Visualitzaciˇ completa - 1839
acquainted advantage affairs America appeared arrived attention become body called character common consequence considerable continued desire effect employed England established father favour Franklin French friends gave give given hands hope hundred important improvement industry interest kind known labour land late learned less letter lived London manner master means mentioned mind nature necessary never obliged observed obtained occasion offered opinion passed perhaps persons Philadelphia piece pleasure poor possession present printing produce proposed published Quaker reason received remained respect says shillings sometimes soon success taken thing thought tion took town trade turn whole wish writing young
PÓgina 48 - A little neglect may breed great mischief; adding, for want of a nail the shoe was lost ; for want of a shoe, the horse was lost ; and for want of a horse the rider was lost...
PÓgina 37 - His praise, ye Winds, that from four quarters blow, Breathe soft or loud ; and, wave your tops, ye Pines, With every plant, in sign of worship wave. Fountains, and ye that warble, as ye flow, Melodious murmurs, warbling tune his praise. Join voices all ye living Souls: Ye Birds, That singing up to Heaven-gate ascend, Bear on your wings and in your notes his praise.
PÓgina 82 - Much of the strength and efficiency of any government, in procuring and securing happiness to the people, depends on opinion, on the general opinion of the goodness of that government, as well as of the wisdom and integrity of its governors.
PÓgina 48 - And again, The eye of a master will do more work than both his hands; and again, Want of care does us more damage than want of knowledge; and again, Not to oversee workmen, is to leave them your purse open. Trusting too much to others...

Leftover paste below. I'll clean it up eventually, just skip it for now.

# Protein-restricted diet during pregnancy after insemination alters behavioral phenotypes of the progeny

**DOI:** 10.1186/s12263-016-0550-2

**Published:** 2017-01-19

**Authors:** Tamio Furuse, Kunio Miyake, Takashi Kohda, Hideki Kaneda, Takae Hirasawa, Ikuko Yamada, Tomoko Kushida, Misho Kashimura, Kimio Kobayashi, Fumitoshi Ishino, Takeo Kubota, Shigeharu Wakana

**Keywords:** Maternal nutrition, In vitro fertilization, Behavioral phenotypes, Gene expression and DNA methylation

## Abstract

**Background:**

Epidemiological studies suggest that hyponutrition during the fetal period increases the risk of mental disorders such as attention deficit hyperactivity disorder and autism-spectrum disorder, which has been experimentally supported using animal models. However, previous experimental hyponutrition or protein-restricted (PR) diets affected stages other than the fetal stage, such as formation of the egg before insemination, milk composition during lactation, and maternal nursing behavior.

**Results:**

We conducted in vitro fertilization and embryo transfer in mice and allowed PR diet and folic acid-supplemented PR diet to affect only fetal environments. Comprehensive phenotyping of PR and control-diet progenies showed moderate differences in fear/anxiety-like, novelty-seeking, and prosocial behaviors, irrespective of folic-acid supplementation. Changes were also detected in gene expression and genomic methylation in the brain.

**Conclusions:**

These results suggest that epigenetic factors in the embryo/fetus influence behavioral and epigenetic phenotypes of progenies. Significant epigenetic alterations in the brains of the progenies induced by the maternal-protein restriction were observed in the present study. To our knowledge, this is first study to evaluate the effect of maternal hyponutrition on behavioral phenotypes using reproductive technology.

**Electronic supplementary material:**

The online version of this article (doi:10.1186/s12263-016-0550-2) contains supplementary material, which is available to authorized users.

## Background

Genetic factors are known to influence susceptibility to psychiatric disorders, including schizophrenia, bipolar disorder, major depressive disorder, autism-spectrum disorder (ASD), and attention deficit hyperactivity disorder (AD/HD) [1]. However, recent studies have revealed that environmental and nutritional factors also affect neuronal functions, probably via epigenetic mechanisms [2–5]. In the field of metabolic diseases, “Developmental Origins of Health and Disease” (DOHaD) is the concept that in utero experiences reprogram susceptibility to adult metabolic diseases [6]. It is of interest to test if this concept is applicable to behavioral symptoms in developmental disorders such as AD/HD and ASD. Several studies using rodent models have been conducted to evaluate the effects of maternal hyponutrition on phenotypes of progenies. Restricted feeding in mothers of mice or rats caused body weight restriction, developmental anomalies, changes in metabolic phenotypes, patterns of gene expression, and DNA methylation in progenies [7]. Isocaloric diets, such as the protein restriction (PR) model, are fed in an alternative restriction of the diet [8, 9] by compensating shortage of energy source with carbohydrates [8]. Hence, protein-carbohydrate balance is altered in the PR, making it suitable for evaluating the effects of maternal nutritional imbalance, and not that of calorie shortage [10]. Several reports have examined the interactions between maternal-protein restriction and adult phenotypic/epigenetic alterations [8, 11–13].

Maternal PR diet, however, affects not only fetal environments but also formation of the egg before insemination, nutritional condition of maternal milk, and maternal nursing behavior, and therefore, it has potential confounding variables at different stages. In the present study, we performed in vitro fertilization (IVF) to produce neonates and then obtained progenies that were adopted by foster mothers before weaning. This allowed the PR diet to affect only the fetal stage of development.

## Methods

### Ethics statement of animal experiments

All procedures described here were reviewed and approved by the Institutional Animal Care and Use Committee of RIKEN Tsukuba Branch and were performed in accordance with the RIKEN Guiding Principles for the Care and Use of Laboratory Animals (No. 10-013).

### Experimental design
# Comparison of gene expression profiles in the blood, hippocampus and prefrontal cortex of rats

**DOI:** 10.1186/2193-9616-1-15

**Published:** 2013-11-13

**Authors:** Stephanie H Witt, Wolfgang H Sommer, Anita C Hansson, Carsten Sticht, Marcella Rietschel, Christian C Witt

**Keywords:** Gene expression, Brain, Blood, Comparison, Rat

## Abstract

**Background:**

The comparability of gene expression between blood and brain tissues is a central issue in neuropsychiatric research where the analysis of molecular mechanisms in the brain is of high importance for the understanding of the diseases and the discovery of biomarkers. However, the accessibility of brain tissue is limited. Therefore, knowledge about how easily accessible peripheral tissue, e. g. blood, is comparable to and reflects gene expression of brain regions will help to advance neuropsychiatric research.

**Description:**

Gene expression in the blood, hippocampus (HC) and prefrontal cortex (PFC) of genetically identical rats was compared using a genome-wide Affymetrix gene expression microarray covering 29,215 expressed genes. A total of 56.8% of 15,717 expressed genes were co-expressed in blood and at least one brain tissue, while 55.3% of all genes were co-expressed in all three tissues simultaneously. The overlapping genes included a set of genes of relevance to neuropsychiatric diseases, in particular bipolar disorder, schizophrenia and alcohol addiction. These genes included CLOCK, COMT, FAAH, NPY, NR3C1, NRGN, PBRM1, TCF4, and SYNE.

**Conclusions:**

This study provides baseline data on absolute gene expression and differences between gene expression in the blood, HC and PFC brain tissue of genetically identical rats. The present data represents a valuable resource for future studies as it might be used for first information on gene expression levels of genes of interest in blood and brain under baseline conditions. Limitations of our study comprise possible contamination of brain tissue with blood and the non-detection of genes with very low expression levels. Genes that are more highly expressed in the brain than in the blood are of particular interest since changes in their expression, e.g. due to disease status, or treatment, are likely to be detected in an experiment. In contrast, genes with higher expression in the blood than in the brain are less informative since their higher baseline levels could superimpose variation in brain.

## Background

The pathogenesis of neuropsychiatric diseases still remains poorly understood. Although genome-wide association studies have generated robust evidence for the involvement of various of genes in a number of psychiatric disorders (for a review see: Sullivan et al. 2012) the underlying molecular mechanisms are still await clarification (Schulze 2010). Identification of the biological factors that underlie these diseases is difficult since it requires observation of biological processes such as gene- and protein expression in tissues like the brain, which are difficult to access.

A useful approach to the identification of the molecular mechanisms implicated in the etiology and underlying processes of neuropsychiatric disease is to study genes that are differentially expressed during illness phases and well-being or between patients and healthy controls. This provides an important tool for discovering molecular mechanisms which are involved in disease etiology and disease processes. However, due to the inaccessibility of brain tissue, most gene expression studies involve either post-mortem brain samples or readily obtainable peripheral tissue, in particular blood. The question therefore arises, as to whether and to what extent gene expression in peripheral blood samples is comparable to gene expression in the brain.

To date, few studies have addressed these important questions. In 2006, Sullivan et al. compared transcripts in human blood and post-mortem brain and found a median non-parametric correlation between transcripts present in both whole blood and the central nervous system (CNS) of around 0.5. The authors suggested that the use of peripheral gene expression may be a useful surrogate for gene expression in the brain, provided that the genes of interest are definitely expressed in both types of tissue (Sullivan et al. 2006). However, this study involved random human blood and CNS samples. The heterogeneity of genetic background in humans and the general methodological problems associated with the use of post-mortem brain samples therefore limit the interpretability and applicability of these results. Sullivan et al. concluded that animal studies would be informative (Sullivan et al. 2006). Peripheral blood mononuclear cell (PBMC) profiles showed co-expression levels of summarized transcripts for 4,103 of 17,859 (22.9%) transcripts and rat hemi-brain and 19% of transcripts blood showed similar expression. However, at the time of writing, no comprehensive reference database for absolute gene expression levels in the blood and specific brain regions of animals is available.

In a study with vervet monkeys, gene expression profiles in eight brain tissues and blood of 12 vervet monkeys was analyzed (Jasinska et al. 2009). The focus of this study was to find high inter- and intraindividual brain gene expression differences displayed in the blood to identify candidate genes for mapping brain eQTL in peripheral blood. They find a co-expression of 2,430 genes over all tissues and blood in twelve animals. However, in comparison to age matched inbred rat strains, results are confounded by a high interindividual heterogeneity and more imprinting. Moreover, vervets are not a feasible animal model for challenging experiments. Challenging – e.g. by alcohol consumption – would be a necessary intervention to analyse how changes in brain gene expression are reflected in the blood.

PÓgina 48 - You call them goods; but if you do not take care they will prove evils to some of you. You expect they will be sold cheap, and perhaps they may for less than they cost; but if you have no occasion for them they must be dear to you. Remember what Poor Richard says: Buy what thou hast no need of, and ere long thou shalt sell thy necessaries.
PÓgina 37 - Fairest of stars, last in the train of night, If better thou belong not to the dawn, Sure pledge of day, that crown'st the smiling morn With thy bright circlet, praise him in thy sphere, While day arises, that sweet hour of prime.
PÓgina 37 - Of nature's womb, that in quaternion run Perpetual circle, multiform, and mix And nourish all things, let your ceaseless change Vary to our great Maker still new praise. Ye mists and exhalations...
PÓgina 37 - Fountains and ye, that warble, as ye flow, Melodious murmurs, warbling tune his praise. Join voices all ye living souls, ye birds, That singing up to heaven-gate ascend, Bear on your wings and in your notes his praise ; Ye that in waters glide, and ye that walk The earth, and stately tread, or lowly creep ; Witness if I be silent, morn or even, To hill, or valley, fountain, or fresh shade, Made vocal by my song, and taught his praise, Hail universal Lord, be bounteous still To give us only good ;...
PÓgina 48 - So much for Industry, my Friends, and Attention to one's own Business; but to these we must add Frugality, if we would make our Industry more certainly successful. A Man may, if he knows not how to save as he gets, keep his Nose all his Life to the Grindstone, and die not worth a Groat at last. A fat Kitchen makes a lean Will, as Poor Richard says; and Many Estates are spent in the Getting, Since Women for Tea forsook Spinning and Knitting, And Men for Punch forsook Hewing and Splitting.